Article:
The Israeli government, and Prime Minister Benjamin Netanyahu in particular, have been persistently drawing an equivalence between the attacks in Europe and attacks against Israelis by Palestinians.
“The terrorists who attack us have the same murderous intent as those in Paris,” Netanyahu said about the November 2015 Paris attacks. “It is time for states to condemn terrorism against us like they condemn terrorism anywhere else in the world.”
Some European leaders clearly see his point.
Following the Berlin attack, German President Joachim Gauck said as much in a reply he sent to a condolence message from Gauck’s Israeli counterpart, Reuven Rivlin.
“You and your country are in a position to understand fully what being threatened by terrorism means for a people and a nation because in your country it has become almost a daily phenomenon. We know that you can feel with us and commiserate,” Gauck said.
Israel’s ambassador to Germany, Avraham Nir-Feldklein, further drove home the message in a statement following the projection of the Israeli flag on the Brandenburg Gate, a gesture initiated by pro-Israel activists.
“We all find ourselves facing the same terror, from Nice through Berlin to Jerusalem, but together we will stand against evil, and we will prevail,” he wrote.
On Twitter, the German Foreign Ministry shared a picture of the projection, stating it was “in solidarity with Israel.” Paris Mayor Anne Hidalgo, by contrast, described the gesture in her city merely as a “tribute to the victims of the attack” in Jerusalem.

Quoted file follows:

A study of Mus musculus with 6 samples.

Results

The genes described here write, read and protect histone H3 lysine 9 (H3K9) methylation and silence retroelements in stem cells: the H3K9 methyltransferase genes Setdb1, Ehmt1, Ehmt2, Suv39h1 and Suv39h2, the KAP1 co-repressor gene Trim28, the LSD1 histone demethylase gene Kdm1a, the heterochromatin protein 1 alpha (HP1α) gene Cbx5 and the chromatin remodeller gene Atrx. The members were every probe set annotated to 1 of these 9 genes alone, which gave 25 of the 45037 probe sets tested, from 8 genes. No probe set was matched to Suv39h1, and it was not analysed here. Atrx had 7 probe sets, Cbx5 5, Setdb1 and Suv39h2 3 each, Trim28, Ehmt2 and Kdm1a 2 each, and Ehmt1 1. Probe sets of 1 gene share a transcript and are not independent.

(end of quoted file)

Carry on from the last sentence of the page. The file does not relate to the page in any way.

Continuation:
Muna Duzdar, an Austrian state secretary, insisted in an interview Wednesday with JTA that “Europe always understood that Israel has a right to defend itself and have security,” and that greater empathy in Europe for terror victims extends not just to Israel but to victims around the world.
But following the attacks in Europe, “now we’re having the situation that we have daily terrorist attacks. I wake up and there’s an attack in Israel, in Iraq, in Afghanistan, in Germany. No country is left unaffected. And it might be that someone who was affected himself has a better understanding of this.”
Duzdar, who was born in Austria to Palestinian parents and heads the Palestinian Austrian Society, rejected during the interview claims that the attack was not a terrorist incident because it was directed against soldiers on land that Palestinians consider occupied.
“This attack targeted human beings, and as far as I understand it was a jihadist who did that, whose intention was to attack people,” she said.
In Belgium, the firebrand anti-Israel columnist Dyab Abou Jahjah, who for years justified violence against Israelis and Americans in the pages of the De Standaard daily, was fired Monday for defending Sunday’s Jerusalem attack on social media.
“An attack on occupation soldiers in occupied territory is not terrorism! It is an act of Resistance. #FreePalestine,” Abou Jahjah wrote.
In a statement, De Standaard editor-in-chief Karel Verhoeven wrote that Abou Jahjah “has placed himself beyond the borders of acceptable debate” by endorsing violence.
Yet the gestures of empathy toward Israel will not likely carry over to EU policy, according to Eran, the former ambassador.
“These gestures are heartwarming and indicative of a positive change, but there is a clear distinction between empathy and policy in the corridors of the European Union, which is likely to remain as critical as ever of Israeli settlements and continue to oppose them on every international arena,” he said.